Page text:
Derwent Valley, Tasmania: The best spot for a local craft beer

It's a long way from a pint of bitter in a pub to a field of swaying hops. The tall lines of flowering vines look much too pretty to be used in beer making. Hanging on four-metre-high trellises, the cones are turning yellow as harvest time is just around the corner.

The picturesque Derwent Valley, just outside Hobart, is where the hops industry started and it's flourishing again today. The countryside here is lush and green, dotted with lovely colonial buildings – it's a place often overlooked by visitors.

The growing interest in craft beer has set Hobart local Kim Dudson on the trail of Tasmania's hops heritage. Dudson has all the fervour and passion of the newly converted. Two years ago she moved to Tasmania, fell in love with the place, and has become entranced with the romance of the hops story.

The most spectacular reminders of the past are the beautiful hops drying or oast houses, mostly two-storey timber and brick buildings along the banks of the river. Our first stop is at Valleyfield estate, owned by Tasmania's governor Kate Warner and husband Dick. Though not normally opened to the public, daughter Meg Bignell shows us through the 1860s oast house. Valleyfield, which was Australia's first commercial hops farm, has been in the Warner family for four generations and Bignell remembers hops being dried up to the 1970s when a new variety wiped out the local industry.

After the hops were harvested, they were spread on the elevated floors of these oust houses and left to dry.  The famous Valleyfield oast, with its large round red-brick tower and shingled roof, was built by Ebenezer Shoobridge who was influenced by the hops buildings in his father's home county of Kent.

Ebenezer and his sons also built the impressive Bushy Park complex of seven oast houses, including the famous Text Kiln with its religious inscriptions in 1867. Today this is a private commercial hops farm but if you visit the Bushy Park Cemetery you can see the oast houses dotted through the valley.

The area is also a great place for growing fruit – plums, apples, blackberries and cherries are particularly delicious. It's too good an opportunity to miss a visit to Westerway Raspberry farm. Pick some heritage gold raspberries, if in season,  and the new coffee and cake shed is a nice spot for a break.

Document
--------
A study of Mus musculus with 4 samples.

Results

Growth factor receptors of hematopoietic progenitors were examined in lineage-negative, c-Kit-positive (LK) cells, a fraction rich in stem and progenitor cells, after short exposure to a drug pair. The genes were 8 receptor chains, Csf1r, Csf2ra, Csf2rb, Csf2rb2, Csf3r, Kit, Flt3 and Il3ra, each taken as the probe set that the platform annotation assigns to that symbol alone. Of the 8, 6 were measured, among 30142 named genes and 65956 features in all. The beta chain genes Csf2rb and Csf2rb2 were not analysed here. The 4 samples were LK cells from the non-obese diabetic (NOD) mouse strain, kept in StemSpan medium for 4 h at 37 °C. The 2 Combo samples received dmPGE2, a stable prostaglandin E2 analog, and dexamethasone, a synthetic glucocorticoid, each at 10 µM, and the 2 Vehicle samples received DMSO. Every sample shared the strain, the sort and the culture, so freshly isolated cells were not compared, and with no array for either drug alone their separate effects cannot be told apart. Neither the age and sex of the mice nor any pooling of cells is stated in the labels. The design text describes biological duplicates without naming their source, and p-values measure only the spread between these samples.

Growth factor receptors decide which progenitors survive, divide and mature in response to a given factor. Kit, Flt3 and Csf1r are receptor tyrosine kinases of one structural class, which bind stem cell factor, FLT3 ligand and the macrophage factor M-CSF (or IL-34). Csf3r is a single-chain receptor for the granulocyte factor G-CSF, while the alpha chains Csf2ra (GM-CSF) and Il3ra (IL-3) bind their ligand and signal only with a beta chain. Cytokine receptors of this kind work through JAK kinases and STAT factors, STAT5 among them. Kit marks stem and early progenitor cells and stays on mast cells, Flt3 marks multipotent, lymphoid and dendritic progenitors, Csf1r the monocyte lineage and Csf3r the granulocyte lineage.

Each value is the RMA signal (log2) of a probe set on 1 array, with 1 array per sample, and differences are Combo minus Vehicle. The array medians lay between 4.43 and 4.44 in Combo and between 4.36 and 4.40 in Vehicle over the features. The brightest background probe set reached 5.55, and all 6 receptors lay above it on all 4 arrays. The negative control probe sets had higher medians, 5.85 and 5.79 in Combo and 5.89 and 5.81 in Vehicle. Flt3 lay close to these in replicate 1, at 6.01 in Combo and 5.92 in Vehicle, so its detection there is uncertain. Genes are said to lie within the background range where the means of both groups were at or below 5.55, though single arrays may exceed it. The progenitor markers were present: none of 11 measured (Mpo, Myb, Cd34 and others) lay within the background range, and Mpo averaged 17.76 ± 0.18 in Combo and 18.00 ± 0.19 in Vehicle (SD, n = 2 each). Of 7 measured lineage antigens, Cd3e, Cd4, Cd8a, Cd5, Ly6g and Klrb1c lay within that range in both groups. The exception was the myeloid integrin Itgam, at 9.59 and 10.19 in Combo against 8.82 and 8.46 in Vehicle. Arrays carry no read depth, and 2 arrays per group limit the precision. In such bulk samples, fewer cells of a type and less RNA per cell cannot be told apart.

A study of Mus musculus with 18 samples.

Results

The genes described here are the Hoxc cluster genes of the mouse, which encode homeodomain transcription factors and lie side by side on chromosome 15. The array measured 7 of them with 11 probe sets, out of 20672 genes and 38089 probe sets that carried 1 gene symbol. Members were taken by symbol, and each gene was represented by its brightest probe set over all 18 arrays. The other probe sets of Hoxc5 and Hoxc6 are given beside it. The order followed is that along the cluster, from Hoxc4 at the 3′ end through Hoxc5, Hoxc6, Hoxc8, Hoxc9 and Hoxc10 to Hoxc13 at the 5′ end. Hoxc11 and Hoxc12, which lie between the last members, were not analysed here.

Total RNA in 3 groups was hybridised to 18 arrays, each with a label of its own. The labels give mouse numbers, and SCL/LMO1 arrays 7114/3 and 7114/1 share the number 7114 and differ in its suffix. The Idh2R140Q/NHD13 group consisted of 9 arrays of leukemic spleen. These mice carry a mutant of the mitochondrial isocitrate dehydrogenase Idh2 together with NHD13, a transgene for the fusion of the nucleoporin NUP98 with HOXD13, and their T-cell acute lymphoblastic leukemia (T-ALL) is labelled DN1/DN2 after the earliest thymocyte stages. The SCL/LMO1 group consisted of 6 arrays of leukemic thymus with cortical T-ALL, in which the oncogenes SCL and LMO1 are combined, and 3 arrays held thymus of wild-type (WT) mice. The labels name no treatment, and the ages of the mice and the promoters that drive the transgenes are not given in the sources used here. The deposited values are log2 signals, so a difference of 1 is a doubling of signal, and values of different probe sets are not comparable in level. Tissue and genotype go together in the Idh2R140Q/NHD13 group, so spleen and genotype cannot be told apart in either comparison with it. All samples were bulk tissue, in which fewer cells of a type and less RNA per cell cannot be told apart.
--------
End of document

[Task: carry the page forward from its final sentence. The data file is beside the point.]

On the banks of the Plenty tributary, Redlands Estate is being transformed by owners Peter and Elizabeth Hope. The estate, with its 1860s oast house, has a colourful history. It was built by George Frederick Read, reputed to be the son of King George IV. Today the Hopes are restoring the estate and have opened a whisky distillery in the 1857 granary. In July, Redlands' first paddock-to-bottle single malt whisky will be released.

As a special treat, Peter bakes some bread for our lunch in the historic convict-built oven, we have a picnic and afterwards stroll around the beautiful grounds.


Next door is the Salmon Ponds heritage hatchery, the oldest trout hatchery in Australia. The 19th century gardens are beautifully kept. I have some fun feeding the fish (which are rather large from all the food) but the real excitement is the resident platypus who seems to enjoy having his photo taken.

Our last stop is Shene, another grand country estate that is being restored to its former glory by the Kernke family. Shene was granted to another royal-connected settler, Edward Paine, the grandson of King George III. Pride of place here goes to the amazing gothic-style stables designed in the 1850s by architect Francis Butler. We're shown around by one of the owners, Myf Kernke, who recently had her own wedding in the atmospheric stables. A whisky and gin distillery is opening at the end of the year in the 1840s convict-built barn.

A good place to finish the trip is at Mona's Moo Brew brewery in Bridgewater where the hops are put to good use. Five craft beers are brewed from hops (which adds the flavour and aroma), barley, yeast and water. A special harvest ale, using fresh local hops, is released every August, and it always tastes slightly different each year.

Exploring the beautiful Derwent Valley and its historic landscape is both a journey into the past and into the future as the hops industry gains a new lease of life.

The writer was a guest of Tourism Tasmania and Bespoke Tasmania Tours.          

TRIP NOTES

MORE INFORMATION

discovertasmania.com.au

HOW TO GET THERE

Jetstar Melbourne to Hobart from $39.

WHERE TO STAY

Sullivans Cove apartments, Hunter Street, Hobart, 6234 5063 sullivanscoveapartments.com.au.

DO +SEE

Bespoke Tasmania Tours offers small tailor-made tours of the Derwent Valley, bespoketasmania.com. Visit Salmon Ponds, Plenty, salmonponds.com.au.

EAT & DRINK

Whisky tour at Redlands, Plenty, redlandsestate.com.au; Westerway Raspberry farm, Westerway, lanoma.com.au; Moo Brew brewery, Bridgewater, moobrew.com.au; Derwent winery Domaine Simha cellar door, Brooke Street Pier, Hobart, domainesimha.com; Stefano Lubiana winery restaurant, Rowbottoms Road, Granton, slw.com.au.